Mr. Speaker, as has been said today and throughout the course of this debate, the arrival of a new child is one of the most important times in a parent's life. It is a time of great joy and excitement; however, a growing family also presents added pressure on parents. Parenting demands time, energy and attention. It also adds financial costs to household budgets.
The employment insurance program provides important supports for new parents. Maternity and parental benefits help to offset some of the pressures they face. These benefits provide parents with critical financial support so that they can afford to take time off work to care for and bond with their child.
The leave entitlement provisions in the Canada Labour Code and provincial labour codes ensure that when parents take leave, their jobs are protected. Unfortunately, the current reality is that the employment insurance program does not treat all families equally. Those who grow their families through adoption and/or surrogacy are entitled to 15 fewer weeks of leave. These families are no less deserving of time with their new child, and that time is no less needed.
Bill C-318 is a common-sense piece of legislation that rectifies the existing gap in our system. It delivers parity for families formed through adoption and surrogacy. However, at its core, this legislation is about the welfare and well-being of our children. This is why the preamble of this bill intentionally acknowledges that families formed through adoption and surrogacy can face unique attachment challenges. Overcoming these challenges requires time, patience and dedicated effort.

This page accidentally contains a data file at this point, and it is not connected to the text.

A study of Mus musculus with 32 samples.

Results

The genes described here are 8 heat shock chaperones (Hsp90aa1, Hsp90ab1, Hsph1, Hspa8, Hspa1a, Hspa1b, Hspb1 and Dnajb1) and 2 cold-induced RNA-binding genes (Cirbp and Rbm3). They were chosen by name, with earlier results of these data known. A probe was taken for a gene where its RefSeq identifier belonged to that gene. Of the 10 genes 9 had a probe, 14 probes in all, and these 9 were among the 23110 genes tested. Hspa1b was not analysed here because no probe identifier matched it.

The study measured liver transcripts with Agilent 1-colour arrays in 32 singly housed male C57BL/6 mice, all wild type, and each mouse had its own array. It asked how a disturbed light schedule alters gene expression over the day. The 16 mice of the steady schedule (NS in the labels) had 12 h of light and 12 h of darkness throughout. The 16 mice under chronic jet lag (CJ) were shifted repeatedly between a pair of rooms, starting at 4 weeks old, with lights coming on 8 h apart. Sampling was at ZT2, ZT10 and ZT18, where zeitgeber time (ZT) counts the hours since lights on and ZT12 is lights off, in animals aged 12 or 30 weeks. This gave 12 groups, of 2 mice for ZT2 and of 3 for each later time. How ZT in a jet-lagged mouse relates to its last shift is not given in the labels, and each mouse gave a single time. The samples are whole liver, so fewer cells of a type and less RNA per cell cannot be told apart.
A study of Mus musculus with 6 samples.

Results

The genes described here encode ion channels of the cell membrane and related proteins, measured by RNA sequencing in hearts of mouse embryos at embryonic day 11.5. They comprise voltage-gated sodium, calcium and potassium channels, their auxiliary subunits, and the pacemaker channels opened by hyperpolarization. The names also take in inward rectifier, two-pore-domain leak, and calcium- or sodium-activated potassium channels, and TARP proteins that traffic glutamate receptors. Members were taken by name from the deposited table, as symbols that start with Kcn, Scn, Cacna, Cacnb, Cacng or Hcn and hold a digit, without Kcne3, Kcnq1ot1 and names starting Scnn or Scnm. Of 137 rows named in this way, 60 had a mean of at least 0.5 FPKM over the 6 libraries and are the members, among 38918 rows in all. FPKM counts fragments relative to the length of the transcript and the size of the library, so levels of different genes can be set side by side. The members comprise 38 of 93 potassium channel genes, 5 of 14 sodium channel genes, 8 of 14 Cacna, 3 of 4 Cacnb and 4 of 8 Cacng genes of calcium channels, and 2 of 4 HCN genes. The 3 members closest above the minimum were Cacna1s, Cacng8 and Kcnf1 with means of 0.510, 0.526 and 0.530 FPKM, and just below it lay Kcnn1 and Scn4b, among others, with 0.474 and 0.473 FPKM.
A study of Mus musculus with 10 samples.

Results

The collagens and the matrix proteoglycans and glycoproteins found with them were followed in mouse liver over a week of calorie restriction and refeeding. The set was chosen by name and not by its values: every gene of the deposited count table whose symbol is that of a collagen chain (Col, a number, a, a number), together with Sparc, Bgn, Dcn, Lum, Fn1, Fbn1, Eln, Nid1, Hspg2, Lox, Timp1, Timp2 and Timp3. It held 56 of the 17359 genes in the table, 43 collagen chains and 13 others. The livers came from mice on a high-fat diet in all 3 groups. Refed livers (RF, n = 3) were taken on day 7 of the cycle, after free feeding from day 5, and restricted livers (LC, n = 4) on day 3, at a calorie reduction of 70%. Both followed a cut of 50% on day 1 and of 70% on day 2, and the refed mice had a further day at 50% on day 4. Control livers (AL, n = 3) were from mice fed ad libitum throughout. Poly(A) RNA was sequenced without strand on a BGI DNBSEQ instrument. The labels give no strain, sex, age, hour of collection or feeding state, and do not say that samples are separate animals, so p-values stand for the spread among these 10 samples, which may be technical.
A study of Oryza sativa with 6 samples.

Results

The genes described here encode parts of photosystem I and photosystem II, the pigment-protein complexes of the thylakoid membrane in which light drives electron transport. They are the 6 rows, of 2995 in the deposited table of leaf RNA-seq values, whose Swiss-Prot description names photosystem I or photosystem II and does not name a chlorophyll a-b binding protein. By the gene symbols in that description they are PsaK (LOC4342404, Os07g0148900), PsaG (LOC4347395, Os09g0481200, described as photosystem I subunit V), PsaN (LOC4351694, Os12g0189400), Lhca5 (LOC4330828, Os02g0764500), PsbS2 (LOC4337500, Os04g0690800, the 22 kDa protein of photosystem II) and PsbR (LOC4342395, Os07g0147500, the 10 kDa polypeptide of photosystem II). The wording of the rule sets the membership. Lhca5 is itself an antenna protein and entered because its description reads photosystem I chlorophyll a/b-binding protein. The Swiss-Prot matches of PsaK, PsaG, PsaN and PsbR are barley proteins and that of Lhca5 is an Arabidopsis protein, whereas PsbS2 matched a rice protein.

The first year of a child's life in placement within a family is a critical time to form secure and healthy attachments. With the opportunity for families to have more time together, the proposed benefit in this bill would nurture healthy attachment and ultimately contribute positively to a child's social, emotional and cognitive development. The benefits of healthy attachment are lifelong, and they support the long-term outcomes within a family.
It has been encouraging to hear comments from all sides of the House in support of a parental leave system that treats all families fairly. Canadians across this country are now eagerly waiting for those supportive comments to translate into the passage of this bill.
I have heard directly from many parents. Some are hopeful that this bill will pass in time to deliver them the supports they need. So many more know first-hand how meaningful 15 more weeks of leave would have been for their own families, and they do not want other families to miss out on that precious time together. It is time that we support all families equally, honour the diversity of families in Canada and ensure that government policies and programs are inclusive.
Bill C-318 provides every member of this House the opportunity to support adoptive and intended parents. Together, we can take a meaningful step toward parity. With the stated support of my parliamentary colleagues from across partisan lines, it can now be anticipated that this bill will live or die based on the provision of a royal recommendation.
Just as his predecessor avoided taking a position on this bill, the Minister of Employment, Workforce Development and Official Languages has not yet provided the royal recommendation needed or even acknowledged my correspondence to him. This issue is truly non-partisan. In fact, the Liberal government has been promising to deliver parity to adoptive parents since 2019, and it made the same promise to intended parents earlier this year. However, it has failed to act and deliver on these promises. These families are owed more than just broken promises from the Liberal government. Adoptive and intended parents should not have to keep waiting for parity in our benefit system.
I sincerely hope that a royal recommendation is forthcoming from the minister and the Liberal government, particularly from the cabinet. It is time that we give all parents the time with their children that they need and deserve.